Neither a chain of spice stores nor a Food Network program, The Seasoning House is a bleak-as-nuclear-winter thriller set during the Balkan conflict of the 1990s. A deaf girl named Angel (Brit teen Rosie Day) is taken from her home by soldiers who shoot her mother dead.
Paul Schrader’s The Canyons opens and closes with a montage of abandoned movie theaters. For this film in particular, that choice strikes one as symbolic in several ways: not only as a comment on the state of the industry, but on the state of The Canyons itself. You’re unlikely to find many 2013 films this empty.
What's a director of classic musicals doing in science fiction? Making Saturn 3, one of the worst of the genre Hollywood made in the immediate post-Star Wars / Alien era. Stanley Donen (Singin' in the Rain) takes to it about as well as you'd expect; he's in over his head.
Military marksman Col. Jim McQuade (Gregory Hines, Running Scared) is called into top-secret duty to neutralize a surveillance robot gone haywire in San Francisco. It won't be easy, because for one thing, the android is undetectable from a human. For another, it has a built-in nuclear bomb that will detonate upon imminent threat.
I plead guilty: My friends and I have goofed around with a camcorder before and made stupid movies, but we were smart enough to know that no one outside ourselves would think they were funny. If only the makers of Caesar and Otto's Deadly Xmas realized the same.
It's been a long time since I fell in love with a movie. Thank you, Wes
Anderson, for making that experience possible again with Moonrise
Maybe it's fitting that a film about young love would elicit that sort of rapturous response. At any rate, very few filmmakers capture the strange world of adolescent obsession — the exuberance, the earnestness, the flat-out weirdness — like Anderson does.
This is the movie Anderson was meant to make, the masterpiece he has hinted he had in him all along. His best works, particularly Rushmore and The Royal Tenenbaums, have tickled such repeating themes as the quest for family and the melancholia of lost youth. Those ideas reach their most poignant realization in Moonrise Kingdom, and it does so with such a nimble touch — funny but not absurd, quirky but not suffocatingly so — as to be almost magical.
Set in 1965, our star-crossed lovers are Sam Shakusky (newcomer Jared Gilman) and Suzy Bishop (newcomer Kara Hayward), two 12-year-olds who meet one summer on the mythical New England island of New Penzance, where Suzy lives and Sam is attending a boys' camp.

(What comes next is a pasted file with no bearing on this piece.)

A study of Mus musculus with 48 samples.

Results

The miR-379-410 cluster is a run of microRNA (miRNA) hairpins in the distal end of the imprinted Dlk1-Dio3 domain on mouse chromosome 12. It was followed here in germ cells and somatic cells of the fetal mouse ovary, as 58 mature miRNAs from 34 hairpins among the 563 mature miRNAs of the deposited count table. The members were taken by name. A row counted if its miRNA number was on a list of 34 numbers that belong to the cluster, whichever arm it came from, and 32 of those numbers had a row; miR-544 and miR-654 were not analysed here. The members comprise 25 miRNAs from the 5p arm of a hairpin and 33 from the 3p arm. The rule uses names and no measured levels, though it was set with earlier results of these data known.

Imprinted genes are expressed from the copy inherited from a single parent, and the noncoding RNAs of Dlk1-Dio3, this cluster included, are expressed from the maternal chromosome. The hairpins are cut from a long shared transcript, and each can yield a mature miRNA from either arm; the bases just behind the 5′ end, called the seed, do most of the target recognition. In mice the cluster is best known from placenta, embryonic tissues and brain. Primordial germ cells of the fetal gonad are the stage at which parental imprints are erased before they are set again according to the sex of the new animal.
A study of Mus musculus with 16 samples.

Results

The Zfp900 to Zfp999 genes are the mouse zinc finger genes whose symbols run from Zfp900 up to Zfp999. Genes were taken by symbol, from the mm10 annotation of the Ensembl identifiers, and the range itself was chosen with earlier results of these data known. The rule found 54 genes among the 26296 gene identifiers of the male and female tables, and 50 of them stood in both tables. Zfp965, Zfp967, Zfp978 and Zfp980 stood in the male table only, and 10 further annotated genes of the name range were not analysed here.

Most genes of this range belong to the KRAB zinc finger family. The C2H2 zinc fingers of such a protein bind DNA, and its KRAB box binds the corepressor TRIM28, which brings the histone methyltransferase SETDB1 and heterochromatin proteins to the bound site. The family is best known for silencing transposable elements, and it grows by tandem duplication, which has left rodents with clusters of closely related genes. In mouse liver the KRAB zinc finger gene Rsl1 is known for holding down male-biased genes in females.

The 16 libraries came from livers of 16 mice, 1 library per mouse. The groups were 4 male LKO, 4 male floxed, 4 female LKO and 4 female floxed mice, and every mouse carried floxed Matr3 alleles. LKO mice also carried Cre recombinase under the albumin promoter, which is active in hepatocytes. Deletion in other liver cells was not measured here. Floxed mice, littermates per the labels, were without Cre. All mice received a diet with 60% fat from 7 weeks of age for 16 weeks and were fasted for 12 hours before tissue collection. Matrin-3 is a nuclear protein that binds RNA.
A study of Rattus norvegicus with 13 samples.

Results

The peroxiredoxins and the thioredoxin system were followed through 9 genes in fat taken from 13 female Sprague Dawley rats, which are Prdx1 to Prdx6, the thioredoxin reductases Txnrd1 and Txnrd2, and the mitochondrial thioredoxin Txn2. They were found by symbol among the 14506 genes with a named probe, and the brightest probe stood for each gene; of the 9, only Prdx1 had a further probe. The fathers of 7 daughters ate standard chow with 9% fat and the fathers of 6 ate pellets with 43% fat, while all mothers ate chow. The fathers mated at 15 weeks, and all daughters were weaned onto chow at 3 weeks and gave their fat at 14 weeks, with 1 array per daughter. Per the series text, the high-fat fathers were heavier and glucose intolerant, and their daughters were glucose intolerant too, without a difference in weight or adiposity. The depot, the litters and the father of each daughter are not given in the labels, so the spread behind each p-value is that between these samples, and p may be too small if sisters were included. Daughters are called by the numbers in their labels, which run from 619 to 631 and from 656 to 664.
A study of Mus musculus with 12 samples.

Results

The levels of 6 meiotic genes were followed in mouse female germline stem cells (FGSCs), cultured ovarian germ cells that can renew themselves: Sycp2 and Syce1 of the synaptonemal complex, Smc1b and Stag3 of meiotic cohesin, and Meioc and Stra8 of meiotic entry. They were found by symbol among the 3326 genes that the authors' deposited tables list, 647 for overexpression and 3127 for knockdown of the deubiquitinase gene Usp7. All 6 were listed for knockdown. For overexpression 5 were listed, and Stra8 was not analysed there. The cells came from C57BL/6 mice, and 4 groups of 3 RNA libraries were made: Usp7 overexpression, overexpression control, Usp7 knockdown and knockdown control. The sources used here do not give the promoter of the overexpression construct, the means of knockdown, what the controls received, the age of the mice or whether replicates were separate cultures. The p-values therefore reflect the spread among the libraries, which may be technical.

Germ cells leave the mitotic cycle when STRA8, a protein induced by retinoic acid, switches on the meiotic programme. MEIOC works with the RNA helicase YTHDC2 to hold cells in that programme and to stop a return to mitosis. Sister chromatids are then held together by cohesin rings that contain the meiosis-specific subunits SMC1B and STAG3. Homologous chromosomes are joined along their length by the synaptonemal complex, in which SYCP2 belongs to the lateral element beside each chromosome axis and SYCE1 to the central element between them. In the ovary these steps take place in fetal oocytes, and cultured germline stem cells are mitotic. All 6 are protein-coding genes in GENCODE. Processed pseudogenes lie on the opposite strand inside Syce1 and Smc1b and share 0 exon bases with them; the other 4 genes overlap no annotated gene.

The pair are destined for each other. Sam, outfitted in crooked eyeglasses and coonskin cap, is an orphan who has trouble making friends. Suzy, burdened with three younger brothers and parents (Bill Murray, Get Low, and Frances McDormand, Transformers: Dark of the Moon) who are having marital problems, has trouble curbing a volatile temper. After a flurry of correspondence, Sam and Suzy plan to run away from their respective adult supervision and rendezvous for a momentous adventure before summer's end.
She brings a suitcase filled with girls' adventure books and a battery-operated record player. Sam takes camping gear and a corncob pipe. Together they dance on a secluded beach, read dime-store novels and explore a romance as chaste as it is irresistible. Meanwhile, they must dodge Sam's befuddled scout master (Edward Norton, Stone), a troop of heavily armed scouts and New Penzance's sole police officer, the chronically dour-looking Captain Sharp (Bruce Willis, Red).
The less revealed about what happens in Moonrise Kingdom, the better. The script by Anderson and Roman Coppola (Francis' son) doesn't rely on twists, exactly, but its unpredictability is part of the film's many joys. Not many movies these days can keep you guessing as to where it's headed, but Moonrise Kingdom is too wonderfully unique to anticipate. For all its hilarity, you sense the possibility of real danger.
Anderson's film is crafted with the same precision and visual sumptuousness his admirers (do I sound like one?) have come to expect, from painterly compositions to elaborate camera tracking shots that take us through this imaginative world. Cinemaographer Robert D. Yeoman injects a swirl of colors that augment a feeling of nostalgia for childhoods that never existed. And the cast is uniformly excellent, including a brief but memorable turn by Anderson alum Jason Schwartzman (TV's Bored to Death).